There are many types of plants and trees that may not handle Arizona’s sudden freezing nights. These plants, such as bulb flowers and tropical plants, need to be properly cared for to keep them from dying during the winter. Let’s take a closer look at certain plants that cannot handle freezing temperatures.
Tender Bulb Flowers
Many bulb flowers, such as daffodils and tulips, are able to stay underground during a hard winter and easily return during warmer weather. However, there are many tender bulb flowers that cannot take freezing temperatures no matter where they are planted outdoors. Dahlias, begonias, and freesias will be destroyed if the bulbs are left outside. These bulbs can be dug up and stored inside until the next planting season.
Young trees are especially delicate during freezing temperatures. Other trees considered delicate, no matter their age, are citrus trees. Citrus trees can die off after a sudden freeze. Wrapping burlap around the trunks can help prevent citrus and young trees from dying during the winter.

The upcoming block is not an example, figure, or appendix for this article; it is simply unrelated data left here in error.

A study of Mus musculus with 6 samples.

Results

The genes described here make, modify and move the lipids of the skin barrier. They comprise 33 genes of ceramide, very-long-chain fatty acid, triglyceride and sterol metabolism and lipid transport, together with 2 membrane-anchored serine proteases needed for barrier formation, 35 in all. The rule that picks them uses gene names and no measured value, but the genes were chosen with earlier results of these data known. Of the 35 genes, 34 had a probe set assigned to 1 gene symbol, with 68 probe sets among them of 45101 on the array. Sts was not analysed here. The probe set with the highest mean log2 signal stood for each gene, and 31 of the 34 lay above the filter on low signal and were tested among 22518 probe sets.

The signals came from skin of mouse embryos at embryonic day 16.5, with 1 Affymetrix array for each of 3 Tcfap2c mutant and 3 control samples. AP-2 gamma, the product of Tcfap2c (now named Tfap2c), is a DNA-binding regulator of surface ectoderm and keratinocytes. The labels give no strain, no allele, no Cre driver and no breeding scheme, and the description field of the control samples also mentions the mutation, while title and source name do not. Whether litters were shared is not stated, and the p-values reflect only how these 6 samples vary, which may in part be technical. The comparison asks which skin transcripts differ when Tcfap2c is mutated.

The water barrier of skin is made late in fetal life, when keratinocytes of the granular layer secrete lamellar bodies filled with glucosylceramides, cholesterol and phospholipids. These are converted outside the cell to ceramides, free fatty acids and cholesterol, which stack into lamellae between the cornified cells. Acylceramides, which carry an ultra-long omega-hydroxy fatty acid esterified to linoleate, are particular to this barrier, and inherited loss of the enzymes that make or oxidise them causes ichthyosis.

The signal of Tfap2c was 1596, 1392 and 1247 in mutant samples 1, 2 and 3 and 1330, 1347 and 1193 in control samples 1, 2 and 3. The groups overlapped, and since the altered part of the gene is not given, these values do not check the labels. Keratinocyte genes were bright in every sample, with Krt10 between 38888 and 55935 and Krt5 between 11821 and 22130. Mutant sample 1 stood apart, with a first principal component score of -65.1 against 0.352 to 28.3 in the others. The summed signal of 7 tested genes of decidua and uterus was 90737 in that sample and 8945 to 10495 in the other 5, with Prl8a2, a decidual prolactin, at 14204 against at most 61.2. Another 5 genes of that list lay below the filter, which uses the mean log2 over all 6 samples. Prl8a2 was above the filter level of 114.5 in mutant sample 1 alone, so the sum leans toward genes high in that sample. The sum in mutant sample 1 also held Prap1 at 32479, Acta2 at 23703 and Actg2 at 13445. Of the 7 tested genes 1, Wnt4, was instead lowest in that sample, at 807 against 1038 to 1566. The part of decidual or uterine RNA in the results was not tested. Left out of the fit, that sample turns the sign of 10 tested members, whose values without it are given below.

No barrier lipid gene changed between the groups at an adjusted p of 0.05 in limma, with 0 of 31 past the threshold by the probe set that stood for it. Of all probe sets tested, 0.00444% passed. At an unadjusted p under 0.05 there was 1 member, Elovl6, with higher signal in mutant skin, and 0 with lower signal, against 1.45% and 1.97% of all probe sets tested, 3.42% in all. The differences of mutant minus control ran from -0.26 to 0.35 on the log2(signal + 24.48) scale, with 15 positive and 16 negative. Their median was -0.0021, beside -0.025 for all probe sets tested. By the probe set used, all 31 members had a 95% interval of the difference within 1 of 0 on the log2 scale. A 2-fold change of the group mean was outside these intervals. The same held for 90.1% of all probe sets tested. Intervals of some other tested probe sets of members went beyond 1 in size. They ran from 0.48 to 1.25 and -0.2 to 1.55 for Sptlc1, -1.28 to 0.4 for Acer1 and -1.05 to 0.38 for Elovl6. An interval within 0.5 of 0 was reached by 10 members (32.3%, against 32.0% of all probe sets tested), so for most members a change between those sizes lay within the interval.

Tropical bulb plants—such as the previously mentioned dahlias—should be cut back, dug up, and stored during the winter season. Larger tropical plants, like hibiscus and angel’s trumpets, will not easily survive freezing nights. If these plants are potted, then it is easy to bring them indoors at night. If they are planted in the ground, then keep them trimmed and covered every night with a plant-safe cover.
Many fruits and vegetables are grown as annuals and will not survive freezing nights. Some of these annual plants can be collected for seeds during the winter for replanting in the spring and summer. Crabgrass, petunias, and snapdragons are types of annual that will not survive cold temperatures and will need to be cared for to survive winter.
Arizona is a great place to grow so many plants and trees, but sometimes they need help. Call Complete Landscaping at (520) 323-8918 to learn about our gardening and landscaping services to keep plants healthy this winter.